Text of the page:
Are you guilty of any of these money misconceptions? Here are five ways you may be sabotaging your financial wellbeing and possibly your retirement options.
1. I have a good salary, so that means I’m financially secure and stable.
While everyone may have different ideas on what financial security looks like, a good salary is only part of the picture. Taking the time to determine what financial stability means to you is a start for building a path to achieve it.
The website Good Financial Cents
offers a list of common signs of financial stability. Here are a few to get you started:
2. Money is like anything else; everything works itself out in time.
You never overdraw your checking account
You’re never late with payments
You contribute a double-digit percentage of your pay to retirement
There are many different attitudes and approaches to money. With the “let it sort itself out” mindset, there is the tendency to not make active financial plans. One of the benefits of making and following a plan is the ability to reach certain goals or prepare for life events. Without a plan, it’s possible to not be ready or unable to act when an event occurs. It’s also possible to find no progress made towards reaching goals or realizing certain dreams. It’s also possible to find you aren’t financially prepared for retirement.
Purdue University has a workbook
on discovering and understanding different money attitudes.
3. Budgets aren’t worth all the time and effort it takes to make them.
For many people, budgeting is a great idea that can be really hard to put into practice. While budgets are easily seen as vital, they’re usually not seen as fun and it can take time before seeing the benefits.
Luckily, there are many resources and guides on how to create and maintain a budget for any sized financial goal.
4. There’s not enough money right now; saving can wait until later.
When it comes to saving money, it seems like the best time to start is usually “yesterday” with the next best time being “right now.” Saving for a vacation or the down payment on a house, setting aside money for an emergency fund or retirement are just a handful of the countless reasons to start saving.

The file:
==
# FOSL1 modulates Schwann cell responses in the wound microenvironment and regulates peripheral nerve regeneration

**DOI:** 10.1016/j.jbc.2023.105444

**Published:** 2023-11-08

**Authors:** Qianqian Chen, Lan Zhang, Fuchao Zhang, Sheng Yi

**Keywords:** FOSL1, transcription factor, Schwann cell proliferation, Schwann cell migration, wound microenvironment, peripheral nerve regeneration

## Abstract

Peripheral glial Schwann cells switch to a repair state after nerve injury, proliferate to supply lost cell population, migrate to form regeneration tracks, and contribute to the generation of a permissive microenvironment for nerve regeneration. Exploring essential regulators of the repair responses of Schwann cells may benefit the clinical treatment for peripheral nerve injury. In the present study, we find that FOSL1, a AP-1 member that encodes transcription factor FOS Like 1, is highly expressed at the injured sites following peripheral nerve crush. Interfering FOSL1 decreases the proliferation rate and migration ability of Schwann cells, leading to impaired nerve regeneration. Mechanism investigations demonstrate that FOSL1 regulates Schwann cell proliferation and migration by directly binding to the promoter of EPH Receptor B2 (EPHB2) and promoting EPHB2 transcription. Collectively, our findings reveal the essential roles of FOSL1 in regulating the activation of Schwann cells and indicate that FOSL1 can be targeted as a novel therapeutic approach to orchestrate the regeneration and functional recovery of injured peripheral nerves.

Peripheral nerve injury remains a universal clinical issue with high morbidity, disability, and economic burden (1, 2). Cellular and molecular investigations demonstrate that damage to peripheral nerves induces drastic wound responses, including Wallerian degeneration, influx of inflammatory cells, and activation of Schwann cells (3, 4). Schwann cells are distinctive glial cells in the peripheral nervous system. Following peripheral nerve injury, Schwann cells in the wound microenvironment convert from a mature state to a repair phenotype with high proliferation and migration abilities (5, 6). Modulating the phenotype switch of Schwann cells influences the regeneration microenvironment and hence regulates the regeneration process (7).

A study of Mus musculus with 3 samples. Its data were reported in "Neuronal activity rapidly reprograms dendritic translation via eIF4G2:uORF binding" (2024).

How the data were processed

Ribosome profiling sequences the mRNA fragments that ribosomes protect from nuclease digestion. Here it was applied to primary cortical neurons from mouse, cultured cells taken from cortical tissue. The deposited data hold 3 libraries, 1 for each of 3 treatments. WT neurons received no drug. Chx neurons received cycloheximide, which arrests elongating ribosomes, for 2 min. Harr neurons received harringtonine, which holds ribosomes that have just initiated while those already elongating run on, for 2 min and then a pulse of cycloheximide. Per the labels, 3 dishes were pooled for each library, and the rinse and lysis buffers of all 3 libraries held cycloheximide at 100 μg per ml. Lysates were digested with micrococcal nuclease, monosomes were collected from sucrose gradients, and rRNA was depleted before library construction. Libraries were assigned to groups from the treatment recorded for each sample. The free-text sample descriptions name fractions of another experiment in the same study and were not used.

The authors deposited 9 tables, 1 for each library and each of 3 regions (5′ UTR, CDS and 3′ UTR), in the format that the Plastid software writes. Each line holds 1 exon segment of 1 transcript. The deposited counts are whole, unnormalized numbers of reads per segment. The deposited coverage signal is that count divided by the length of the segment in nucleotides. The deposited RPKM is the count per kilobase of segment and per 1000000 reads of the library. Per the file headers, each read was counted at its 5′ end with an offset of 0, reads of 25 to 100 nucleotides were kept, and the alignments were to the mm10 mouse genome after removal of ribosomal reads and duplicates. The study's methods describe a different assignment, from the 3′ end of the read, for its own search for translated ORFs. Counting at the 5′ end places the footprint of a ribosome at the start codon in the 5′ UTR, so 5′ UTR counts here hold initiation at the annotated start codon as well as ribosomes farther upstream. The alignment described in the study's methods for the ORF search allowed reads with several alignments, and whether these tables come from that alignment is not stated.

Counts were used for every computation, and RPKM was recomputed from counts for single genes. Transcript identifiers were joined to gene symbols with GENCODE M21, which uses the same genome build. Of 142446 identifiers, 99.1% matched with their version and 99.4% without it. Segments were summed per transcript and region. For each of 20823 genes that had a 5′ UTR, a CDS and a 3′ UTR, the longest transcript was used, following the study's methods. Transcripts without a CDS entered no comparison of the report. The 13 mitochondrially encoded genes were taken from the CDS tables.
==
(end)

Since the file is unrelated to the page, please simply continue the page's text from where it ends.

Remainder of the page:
The Simple Dollar
posted a list of 100 ways
to get started saving money and CNBC
offers 20 easy ways
to save some money every day. Of course, not all the ideas will apply to everyone but there is opportunity to find a handful of tips that make sense for your lifestyle. You can also learn more from Equity Trust’s articles “5 Simple Ways to Save Money
” and “14 Painless, Everyday Money-Savers that Can Have a Big Impact on Your Retirement
Here are few ideas from the Simple Dollar:
5. I’m keeping up on my payments, there’s no need to worry about my debt.
Write a list before you go shopping.
Prepare meals at home.
Check out free events in town.
Cancel cable or satellite channels you don’t watch.
Consumer debt comes in many forms: mortgages and student loans, credit cards and medical bills. Making the minimum payments can keep the account current, but it makes it a slow process to pay off the balance entirely. Not managing your debt can create precarious situations if an unexpected financial event occurs and you are unable to make those payments in a timely manner or at all. Lasting debt can also affect your loved ones, as discussed in Equity Trust’s article “What if the Legacy Your Loved One Leaves Behind is Debt?
The information provided in this article is for educational purposes only and should not be construed as tax, legal, or investment advice. Whenever making an investment decision, please consult with legal, tax, and financial professionals.